My Goals and Mission
I believe that all portfolios need to include three forms of reflection, focusing on the past, present, and future. These questions are:
– What? (the artifacts that I have collected from the past)
– So What? (what these artifacts show about my learning at the present time)
– Now What? (my future learning goals)
So, here are my future goals. This version of my portfolio was created after I retired from the University of Alaska Anchorage. I am using this portfolio to help me reflect on my strengths and how that will contribute to my future professional direction.
Researching Electronic Portfolios
I have spent the 2005-2006 school year conducting the REFLECT Initiative, the first in a two-year research project on electronic portfolios in secondary schools, sponsored by TaskStream. I am really excited about what we are finding in this research, and would like to do much more of this work in the future. I am looking forward to the second year of REFLECT, when I will have an opportunity to conduct focus groups with the high school students who have been using TaskStream for the last year. I have also begun an informal study of high school electronic portfolio implementation in my home state of Washington.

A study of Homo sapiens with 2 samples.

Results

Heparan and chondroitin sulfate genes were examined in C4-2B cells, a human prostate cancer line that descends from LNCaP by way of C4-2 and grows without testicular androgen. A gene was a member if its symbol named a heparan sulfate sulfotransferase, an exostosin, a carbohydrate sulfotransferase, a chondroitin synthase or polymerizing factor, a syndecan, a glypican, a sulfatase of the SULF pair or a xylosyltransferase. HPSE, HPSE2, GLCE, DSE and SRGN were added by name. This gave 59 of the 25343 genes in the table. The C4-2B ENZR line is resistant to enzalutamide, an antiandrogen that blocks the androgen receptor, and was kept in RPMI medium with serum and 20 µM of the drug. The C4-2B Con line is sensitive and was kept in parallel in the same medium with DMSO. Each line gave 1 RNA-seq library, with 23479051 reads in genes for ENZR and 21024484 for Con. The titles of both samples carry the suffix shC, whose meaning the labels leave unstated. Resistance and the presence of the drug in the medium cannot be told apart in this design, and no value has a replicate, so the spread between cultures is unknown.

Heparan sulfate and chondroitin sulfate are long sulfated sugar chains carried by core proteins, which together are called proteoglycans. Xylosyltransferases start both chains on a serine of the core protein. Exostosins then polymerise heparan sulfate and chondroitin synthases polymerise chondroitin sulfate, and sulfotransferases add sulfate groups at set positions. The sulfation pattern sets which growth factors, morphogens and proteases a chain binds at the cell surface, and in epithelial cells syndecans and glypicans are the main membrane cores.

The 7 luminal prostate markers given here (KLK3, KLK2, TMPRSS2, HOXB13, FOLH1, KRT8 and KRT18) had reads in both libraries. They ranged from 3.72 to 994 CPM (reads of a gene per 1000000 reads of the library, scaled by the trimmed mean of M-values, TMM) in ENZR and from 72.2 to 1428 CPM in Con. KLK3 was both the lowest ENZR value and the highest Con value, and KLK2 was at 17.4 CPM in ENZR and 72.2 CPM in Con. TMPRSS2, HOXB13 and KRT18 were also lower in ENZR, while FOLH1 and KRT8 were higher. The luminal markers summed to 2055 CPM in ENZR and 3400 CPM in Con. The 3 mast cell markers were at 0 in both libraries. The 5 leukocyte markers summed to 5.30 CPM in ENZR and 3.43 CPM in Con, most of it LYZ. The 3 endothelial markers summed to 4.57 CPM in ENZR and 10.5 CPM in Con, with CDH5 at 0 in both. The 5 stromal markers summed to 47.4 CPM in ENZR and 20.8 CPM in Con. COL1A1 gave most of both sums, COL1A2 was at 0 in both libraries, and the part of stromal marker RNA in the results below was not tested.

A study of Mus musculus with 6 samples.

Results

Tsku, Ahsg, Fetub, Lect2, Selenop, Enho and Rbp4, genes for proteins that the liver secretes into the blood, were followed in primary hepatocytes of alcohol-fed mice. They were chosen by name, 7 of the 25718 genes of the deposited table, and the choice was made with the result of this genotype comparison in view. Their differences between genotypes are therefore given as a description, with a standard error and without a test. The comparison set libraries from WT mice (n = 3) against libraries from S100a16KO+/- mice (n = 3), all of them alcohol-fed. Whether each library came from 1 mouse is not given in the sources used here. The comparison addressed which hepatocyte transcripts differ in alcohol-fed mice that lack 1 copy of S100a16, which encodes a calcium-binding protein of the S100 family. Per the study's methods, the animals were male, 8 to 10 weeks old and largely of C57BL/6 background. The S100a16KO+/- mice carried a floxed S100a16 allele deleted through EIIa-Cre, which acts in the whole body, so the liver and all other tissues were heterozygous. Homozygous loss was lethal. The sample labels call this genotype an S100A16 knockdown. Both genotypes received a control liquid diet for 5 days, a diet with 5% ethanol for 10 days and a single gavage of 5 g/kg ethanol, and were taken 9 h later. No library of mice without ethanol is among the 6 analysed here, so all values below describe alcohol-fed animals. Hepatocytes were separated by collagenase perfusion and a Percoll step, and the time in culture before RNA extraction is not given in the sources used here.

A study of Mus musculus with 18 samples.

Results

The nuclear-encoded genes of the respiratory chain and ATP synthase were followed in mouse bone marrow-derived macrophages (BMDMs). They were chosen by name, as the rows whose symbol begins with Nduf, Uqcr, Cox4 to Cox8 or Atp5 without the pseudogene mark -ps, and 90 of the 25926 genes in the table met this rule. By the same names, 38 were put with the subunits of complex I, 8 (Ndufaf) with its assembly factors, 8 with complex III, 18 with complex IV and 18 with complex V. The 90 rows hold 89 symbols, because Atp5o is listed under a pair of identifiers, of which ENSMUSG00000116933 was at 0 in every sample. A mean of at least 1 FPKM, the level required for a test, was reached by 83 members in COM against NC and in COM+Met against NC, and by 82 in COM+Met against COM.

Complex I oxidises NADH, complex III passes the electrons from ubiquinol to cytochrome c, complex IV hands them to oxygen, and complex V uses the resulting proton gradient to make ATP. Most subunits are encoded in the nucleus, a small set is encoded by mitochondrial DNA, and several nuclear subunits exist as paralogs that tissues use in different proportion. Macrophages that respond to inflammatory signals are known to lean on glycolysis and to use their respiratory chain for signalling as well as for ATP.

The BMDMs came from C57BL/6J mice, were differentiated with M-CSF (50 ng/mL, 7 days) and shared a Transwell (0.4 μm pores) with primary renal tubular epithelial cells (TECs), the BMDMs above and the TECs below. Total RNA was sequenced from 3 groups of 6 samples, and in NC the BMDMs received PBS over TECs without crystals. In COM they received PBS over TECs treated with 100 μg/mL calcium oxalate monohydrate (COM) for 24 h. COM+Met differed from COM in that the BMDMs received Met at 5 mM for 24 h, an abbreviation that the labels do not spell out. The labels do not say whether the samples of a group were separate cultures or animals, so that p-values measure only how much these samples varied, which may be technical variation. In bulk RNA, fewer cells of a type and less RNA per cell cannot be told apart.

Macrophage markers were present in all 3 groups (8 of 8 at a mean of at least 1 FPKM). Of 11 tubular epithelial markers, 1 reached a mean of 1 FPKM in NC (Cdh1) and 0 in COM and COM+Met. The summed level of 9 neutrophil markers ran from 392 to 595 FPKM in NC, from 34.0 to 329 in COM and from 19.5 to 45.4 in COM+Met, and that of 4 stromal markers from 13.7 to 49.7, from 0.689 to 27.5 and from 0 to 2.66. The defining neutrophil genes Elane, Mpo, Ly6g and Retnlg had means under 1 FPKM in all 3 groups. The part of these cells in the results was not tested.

After I finally retire, I want to encourage “baby boomers” and senior citizens to use digital storytelling to preserve their memories and life stories for future generations; a mission statement: “using today’s technology to tell yesterday’s stories to tomorrow’s generations.” The current popularity of scrapbooking and genealogy all indicate that there is an interest to preserve these memories. But those who study genealogy know that we can find the dates and facts about a life, but stories that are not preserved are lost forever. Everyone has a story to tell. Digital storytelling is one way to preserve and share our family legacies.
Perhaps I can also work into the process a “retirement transition” focus, using digital family stories as a way of finding a new purpose in retirement after a very busy working life. Learning to share digital stories could become a powerful transition activity. And in the process, new retirees could learn technology skills that they might have missed in their professional careers.
Here is an opportunity for schools, as well, to bring this digital storytelling process to their communities, to match young people who have the technology skills with older people who have the stories to be preserved. Then, we can truly become a community of lifelong learners who share our knowledge and wisdom with each other.